Learn About Inductors
Basics About Inductor Design
In the use of the induction heating process, success depends to a great degree on the proper design of the inductions. Inductors for high-frequency induction heating usually referred to as heating coils, can be made in a large variety of types and styles- depending on the shape of the metal surface to be heated. Their designs must follow certain principles of maximum efficiency of the high-frequency generator to be obtained.
Generally speaking, localized induction heating is limited only by the ability to construct a coil to suit the surface to be treated and the capacity or power output of the generator. In other words, the generator should have sufficient power to heat the surface quickly. Then, if the shape of the part lends itself to a surrounding coil, the job is a logical one for induction heating.
Inductor Currents and Eddy Currents
The eddy currents induced in the workpiece tend to be an image of the coil current. This is useful to bear in mind when designing coils for heating odd shapes. The magnetic field set up by a current is perpendicular to the current. The voltage induced by this field is maximum in a direction at right angles to the field, parallel to the original current. The result is that the eddy currents are parallel to the coil current within the limits imposed by the shape of the workpiece.
The eddy currents and the coil current also are attracted by each other. They are both concentrated near the surface because of the skin effect. When the frequency is low, there is less tendency for the currents to be attracted to each other than when the frequency is high. In general, if the frequency is high enough for efficient induction heating, the coil current and the eddy currents will try to be as close to each other as possible.
It is possible to heat almost any continuous shape on the surface of a flat workpiece. The currents induced in the workpiece follow the shape of the coil. The air gap between the coil and the workpiece plays an important part in this type of heating. The amount of flux that links with the workpiece diminishes rapidly as the space between the coil and the work is increased. The sharpness with which the heated pattern in the workpiece mirrors the shape of the coil is increased with frequency and with the closeness of the coil to the surface of the piece.
Since magnetic fields occur in the area surrounding the coil and are stronger next to it than at any distance away from it, there is an advantage in placing the workpiece close to the coil so that the maximum amount of heat energy may be transferred to it. The strength of the field varies inversely with the square of the distance between the work and the coil, which means this consideration will have a direct relation to the amount of heat generated in a workpiece in a given length of time.
The term “coupling” is applied to the relative gap between the coil and the workpiece. A small gap gives “tight coupling” and a large gap gives “loose coupling.” Tight coupling is more efficient than a loose coupling because the reduction in the gap between the inductor and the work results in an increased concentration of the magnetic flux. The flux density at the surface of the work determines the rate of heating.
With multi-turn coils closely coupled to a workpiece, there is a tendency for the eddy-currents to provide a heat pattern corresponding to the helix of the coil. The wider the pitch, that is, the distance between the turns of the coil, the more pronounced this pattern will be – therefore, a closely wound coil and rotation of the work piece become essential. When the coil is loosely coupled, the stream of eddy currents spreads over a wider area and rotation of the work may not be necessary.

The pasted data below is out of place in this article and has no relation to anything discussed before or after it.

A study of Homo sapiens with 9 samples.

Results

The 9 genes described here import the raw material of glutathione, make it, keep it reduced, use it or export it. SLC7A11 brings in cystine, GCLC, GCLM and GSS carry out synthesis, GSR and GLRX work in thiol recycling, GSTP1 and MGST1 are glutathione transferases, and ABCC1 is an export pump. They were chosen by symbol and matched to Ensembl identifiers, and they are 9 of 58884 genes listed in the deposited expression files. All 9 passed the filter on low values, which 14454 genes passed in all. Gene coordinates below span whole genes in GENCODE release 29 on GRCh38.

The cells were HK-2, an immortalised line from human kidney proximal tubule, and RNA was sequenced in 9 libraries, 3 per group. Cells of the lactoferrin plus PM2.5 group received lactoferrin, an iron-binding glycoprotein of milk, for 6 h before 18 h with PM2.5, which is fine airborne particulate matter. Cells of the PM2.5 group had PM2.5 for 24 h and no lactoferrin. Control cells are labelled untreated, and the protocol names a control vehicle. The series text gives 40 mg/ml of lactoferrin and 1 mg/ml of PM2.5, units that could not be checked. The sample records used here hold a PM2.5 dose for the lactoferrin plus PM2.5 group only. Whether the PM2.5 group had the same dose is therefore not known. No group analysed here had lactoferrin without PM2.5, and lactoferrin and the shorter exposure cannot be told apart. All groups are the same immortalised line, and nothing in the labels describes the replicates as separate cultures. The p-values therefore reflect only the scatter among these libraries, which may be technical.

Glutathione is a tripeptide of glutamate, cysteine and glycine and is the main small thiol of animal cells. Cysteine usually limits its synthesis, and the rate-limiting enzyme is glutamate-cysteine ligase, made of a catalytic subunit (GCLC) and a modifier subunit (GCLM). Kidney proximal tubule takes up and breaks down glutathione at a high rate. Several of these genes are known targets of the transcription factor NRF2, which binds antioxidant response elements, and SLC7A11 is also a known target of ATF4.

The lower the operating frequency the tighter the coupling required for a given result. The higher the frequency, the less critical the coupling requirements. This feature is of considerable importance when automatic feeding equipment is used.
Induction coils may be either have a multi-turn design or be in the form of a single-turn coil, the latter often being termed a “solid” inductor. In either case, copper is variably used in their construction, and cooling by means of water is absolutely essential.
In making multi-turn coils of copper tubing, a wide variety of shapes is possible.
The most common type of coil is a solenoid coil, suitable in surface heating of shafts and round parts.
The square coil is suitable to heating outer surfaces of bars or shafts and can easily be formed and wound over a wooden block.
The pancake coil is used for heating flat surfaces.
The increasing need for higher production through mechanization or automation often makes it necessary to design coils through which the work can be conveyed, or only partially surround the work pieces and permit unimpeded passage on an external conveyor. Such coils are generally referred to as channel or conveyor type coils.
Formed coils are designed for parts of intricate shape or necessary, specific heat patterns. As such, their appearance varies greatly, and are typically unique to the part.
Internal coils are used for heating inner surfaces of holes. Since the density of the magnetic flux is less on the outside of a coil than on the inside, and because the greatest strength lies next to the coil, there are several unique design considerations for internal coils. In order to be as effective as possible, it must be made in such a way that the overall distance from the surface of the hole being heated and the inner surface of the coil is held to an absolute minimum.